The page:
October 15, 2008

Gabriel Laderman, “View of Florence”, 1962-63, oil on canvas, 49 ¾” x 70”, collection of the artist
Gabriel Laderman, “View of Florence”, 1962-63,
oil on canvas, 49 ¾” x 70”, collection of the artist

Two new exhibitions showcasing works by American realist painter Gabriel Laderman and the photographer Carl Chiarenza will be on view at the Museum of Art from Nov. 1 through Dec.15. “Gabriel Laderman: Unconventional Realist,” and “Peace Warriors and Solitudes: Recent Photographs by Carl Chiarenza,” will open with a public preview reception on Friday, Oct. 31, from 5 p.m. to 7 p.m. Admission is free.

“Gabriel Laderman: Unconventional Realist”presents 20 works by Gabriel Laderman, a founding father of post-modern figuration. Celebrated as one of the outstanding painters of the last half-century, Laderman was an early and important model for both peers and younger painters, here and abroad. Standing apart from academic formulas, and any obvious modernist strategy, he completely rethought figuration. He drew his visual language from diverse cultural sources—modernism, the early Renaissance, seventeenth-century realism, Asian art—and joined them through the process of perceptual painting.

The exhibition examines four decades of Laderman’s development as an artist, working with still life, landscape, portraiture, the nude, and narrative. His recent, often complex, figure compositions are among the most challenging and rewarding works produced anywhere in the last quarter century. 

Guest curators for the exhibition are David Carbone (University of Albany, SUNY), Lincoln Perry (University of Virginia), and Langdon Quin (University of New Hampshire). The exhibition is accompanied by a fully illustrated catalogue.

The exhibition has been jointly organized and circulated by the University of Virginia Art Museum and the UNH Museum of Art. Both the exhibition and accompanying catalogue were made possible by generous gifts from Allison and Donald Innes, Ruth Cross, Richard and Melissa Spurzem, an anonymous donor, and the Hackett-Freedman Gallery, San Francisco.

Carl Chiarenza, “Peace Warrior (Don Quixote) 181”, 2003, gelatin silver print on paper, 16” x 20”
Carl Chiarenza, “Peace Warrior (Don Quixote)
181”, 2003, gelatin silver print on paper, 16” x 20”

The exhibition “Peace Warriors and Solitudes: Recent Photographs by Carl Chiarenza” features work by one of the preeminent photographers of the 20th and 21st centuries.

Chiarenza (American, born 1935) has influenced not only the practice of art but also the study and promotion of photography inside academia and beyond. This exhibition features photographs from two recent series of abstract works, inspired in part by the artist's reactions to the war in Iraq.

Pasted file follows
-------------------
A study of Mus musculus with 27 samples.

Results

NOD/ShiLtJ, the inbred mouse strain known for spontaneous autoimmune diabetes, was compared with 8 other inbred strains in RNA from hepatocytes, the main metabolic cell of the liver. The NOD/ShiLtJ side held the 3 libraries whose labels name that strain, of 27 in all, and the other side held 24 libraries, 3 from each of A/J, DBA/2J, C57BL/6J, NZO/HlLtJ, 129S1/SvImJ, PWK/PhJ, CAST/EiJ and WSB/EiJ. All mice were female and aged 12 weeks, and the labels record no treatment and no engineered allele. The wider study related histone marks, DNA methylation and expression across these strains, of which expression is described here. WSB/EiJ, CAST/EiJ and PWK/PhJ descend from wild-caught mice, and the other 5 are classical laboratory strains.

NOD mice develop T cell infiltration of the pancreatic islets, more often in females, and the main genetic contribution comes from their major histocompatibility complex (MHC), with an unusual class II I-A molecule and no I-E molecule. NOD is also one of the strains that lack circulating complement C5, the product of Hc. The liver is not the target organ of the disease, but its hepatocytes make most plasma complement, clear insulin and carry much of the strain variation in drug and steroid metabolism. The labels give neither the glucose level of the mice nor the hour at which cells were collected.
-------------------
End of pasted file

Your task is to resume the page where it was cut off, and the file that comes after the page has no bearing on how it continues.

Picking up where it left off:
The “Peace Warriors and Solitudes” series of photographs evolved in the studio, according to Chiarenza, while he was working with a collage whose elements began to resemble a samurai. The artist deliberately created work in which figures resembling soldiers, the grim reaper, Don Quixote, and Quixote’s sidekick Sancho Panza emerged due to the artist’s frustrations to the situations in Iraq and the Middle East and the actions of the U.S. government. After creating photographs related to this theme and much in need of introspection, he began to create abstract, sensuous imagery with refined smooth shapes and tonality, resulting in the “Solitudes” series.

Chiarenza’s photographic career spans an impressive five decades.

Regarding his motivation he says, “I want the viewer of my work to sense the power, to feel the presence of the unknown. All photographs share this life force of their own individuality. Somewhere between the making and the viewing of the picture, we experience this force, though our experience remains forever beyond satisfactory explanation.”

Chiarenza received an M.S. and A.M. at Boston University and an A.A.S. and B.F.A. from the Rochester Institute of Technology, where he studied with photographers Ralph Hattersley and Minor White. His Ph.D. dissertation at Harvard University formed the basis of the monograph “Aaron Siskind: Pleasures and Terrors,” published in 1982. He is currently artist-in-residence and Fanny Knapp Allen Professor Emeritus of Art History at the University of Rochester, NY. Between 1963 and 1986, he was chair, director of graduate studies, and professor of art history at Boston University.

Chiarenza’s work is in numerous collections, including the Museum of Modern Art, New York; the Los Angeles County Museum of Art; the Art Institute of Chicago; the Museum of Fine Art Arts, Boston; the J. Paul Getty Museum, Los Angeles; the San Francisco Museum of Modern Art; the Museum of Fine Arts, Houston; the Cleveland Museum of Art; and the National Gallery of Art, Washington, D.C.

Organized by the University of Richmond Museums, “Peace Warriors and Solitudes: Recent Photographs by Carl Chiarenza” was curated by N. Elizabeth Schlatter, deputy director and curator of exhibitions, University Museums. The exhibition will tour nationally through 2010.

Chiarenza’s photographs are the subject of the newly released book, titled “Pictures Come from Pictures, Photographs by Carl Chiarenza,” with 91 duotone images, and an introduction by N. Elizabeth Schlatter, deputy director and curator of exhibitions, University of Richmond Museums. The book was published by David R. Godine, publisher, and is available for purchase at the Museum of Art in conjunction with the exhibition.

All Museum of Art exhibitions and programs are open to the public free of charge.